Global Learning London

Climate Change – Curriculum planning

Curriculum planning

Climate Change

Literacy, Language and Communication
Take on other roles and debate issues, e.g. as a citizen of a country at high risk of flooding due to climate change and sea level rises, or a farmer in a drought region;

Talk and write about their opinions, and explain their views, on this topic and inform others about what they find out;

Read fiction and non-fiction books and picture books relating to climate change and the effects on people and planet.

Knowledge and Understanding of the World
study a contrasting non-European country, e.g. a study of Bangladesh, where climate change dangers are evident;

study lives of significant individuals who improved things for the better e.g. Kenyan environmental activist Wangari Maathai;

examine different religious beliefs and other sources of wisdom that remind us that that we have a responsibility to look after the earth through stewardship, respect and acknowledgement of interdependence.

Consider the impact of pollution on health:
investigate levels of pollution in the air for several cities and consider the impact on the lives of children living there, e.g. in Beijing where in many schools, outside play and physical education is cancelled due to dangerously high pollution levels;

Investigate cities where global sporting events are held and how this can bring both benefits and harm to people and environment.

Pupils respond to the issue of climate change through creating their own art as a response to what they have learnt. Visual representations, including photography, can be used to develop their interest and skills, for example through photo journalism i.e. National Geographic;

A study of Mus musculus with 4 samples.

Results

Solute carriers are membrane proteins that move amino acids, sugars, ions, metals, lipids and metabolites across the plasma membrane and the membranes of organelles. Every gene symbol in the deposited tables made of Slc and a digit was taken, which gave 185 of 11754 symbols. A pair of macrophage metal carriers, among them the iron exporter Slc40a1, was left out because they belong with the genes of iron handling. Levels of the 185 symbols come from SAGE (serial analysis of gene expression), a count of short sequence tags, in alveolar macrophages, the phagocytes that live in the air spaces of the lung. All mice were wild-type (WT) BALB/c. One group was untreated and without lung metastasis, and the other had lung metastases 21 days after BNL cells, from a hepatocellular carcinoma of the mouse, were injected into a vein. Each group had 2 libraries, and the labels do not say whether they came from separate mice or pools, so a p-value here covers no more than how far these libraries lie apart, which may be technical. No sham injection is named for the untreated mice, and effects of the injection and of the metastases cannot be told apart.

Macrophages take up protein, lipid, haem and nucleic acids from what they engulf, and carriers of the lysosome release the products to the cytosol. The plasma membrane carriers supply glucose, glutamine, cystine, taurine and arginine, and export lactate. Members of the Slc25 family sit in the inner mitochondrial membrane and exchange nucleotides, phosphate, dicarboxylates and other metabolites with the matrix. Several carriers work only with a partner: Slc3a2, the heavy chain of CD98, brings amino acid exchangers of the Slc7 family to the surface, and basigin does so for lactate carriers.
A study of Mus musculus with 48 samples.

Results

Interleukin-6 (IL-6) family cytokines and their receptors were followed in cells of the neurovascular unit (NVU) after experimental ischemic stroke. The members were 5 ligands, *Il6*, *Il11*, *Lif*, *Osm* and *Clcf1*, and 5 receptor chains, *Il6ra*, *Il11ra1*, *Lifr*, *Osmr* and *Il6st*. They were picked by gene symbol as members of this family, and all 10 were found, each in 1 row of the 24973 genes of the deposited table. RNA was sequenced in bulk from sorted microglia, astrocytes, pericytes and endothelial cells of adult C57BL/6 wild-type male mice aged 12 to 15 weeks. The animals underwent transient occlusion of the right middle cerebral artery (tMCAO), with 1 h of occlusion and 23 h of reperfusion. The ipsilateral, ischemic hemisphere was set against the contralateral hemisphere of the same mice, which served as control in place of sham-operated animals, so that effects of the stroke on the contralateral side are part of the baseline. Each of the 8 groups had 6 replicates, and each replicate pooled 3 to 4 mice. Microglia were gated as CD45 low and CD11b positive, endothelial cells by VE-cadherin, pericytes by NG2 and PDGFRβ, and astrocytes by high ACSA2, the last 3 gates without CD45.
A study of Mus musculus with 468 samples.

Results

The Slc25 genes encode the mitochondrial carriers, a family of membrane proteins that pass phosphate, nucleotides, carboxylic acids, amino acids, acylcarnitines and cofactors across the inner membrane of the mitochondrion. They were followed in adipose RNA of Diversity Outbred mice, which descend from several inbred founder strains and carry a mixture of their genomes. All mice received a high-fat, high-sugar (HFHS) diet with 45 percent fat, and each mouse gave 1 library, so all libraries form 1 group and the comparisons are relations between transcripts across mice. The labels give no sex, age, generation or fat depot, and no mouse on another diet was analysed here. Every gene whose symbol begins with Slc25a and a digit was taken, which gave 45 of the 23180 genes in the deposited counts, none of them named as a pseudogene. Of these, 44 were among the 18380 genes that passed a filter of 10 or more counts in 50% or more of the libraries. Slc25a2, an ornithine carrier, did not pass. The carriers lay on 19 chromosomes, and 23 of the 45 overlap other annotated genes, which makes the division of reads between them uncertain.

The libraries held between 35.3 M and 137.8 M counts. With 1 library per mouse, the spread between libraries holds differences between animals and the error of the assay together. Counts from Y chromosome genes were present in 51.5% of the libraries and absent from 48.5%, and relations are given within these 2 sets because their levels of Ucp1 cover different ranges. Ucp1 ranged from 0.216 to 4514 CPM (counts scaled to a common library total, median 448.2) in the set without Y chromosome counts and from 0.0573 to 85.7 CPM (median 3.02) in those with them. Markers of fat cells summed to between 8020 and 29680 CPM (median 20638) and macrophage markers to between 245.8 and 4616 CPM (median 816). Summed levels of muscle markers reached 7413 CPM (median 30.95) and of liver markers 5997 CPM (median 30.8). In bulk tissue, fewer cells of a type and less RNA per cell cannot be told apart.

Pupils develop their own imaginative and creative ways of expressing their commitments to the environment locally, nationally and globally, which can be shared with the school community and more widely.

Personal, Social, Health, Citizenship and Economic Education
Pupils develop their sense of social justice and moral responsibility and begin to understand that their own choices and behaviour can affect local, national or global issues like climate change;

They learn how to make more confident and informed choices about the environment; to take more responsibility individually and as part of a greater whole;

They learn that resources can be allocated in different ways and that these economic choices affect individuals, communities and the sustainability of the environment.

Mathematical, Scientific and Technical
problem solve using real life data including software e.g. comparing CO2 levels for different countries or changes through time;

explore examples of human impact (both positive and negative) on environments, e.g. the negative effects of deforestation;

develop a critical understanding of technology’s impact on daily life and the wider world, and work together to design and building a sustainable solution to a problem, e.g. a flood-proof way to grow food.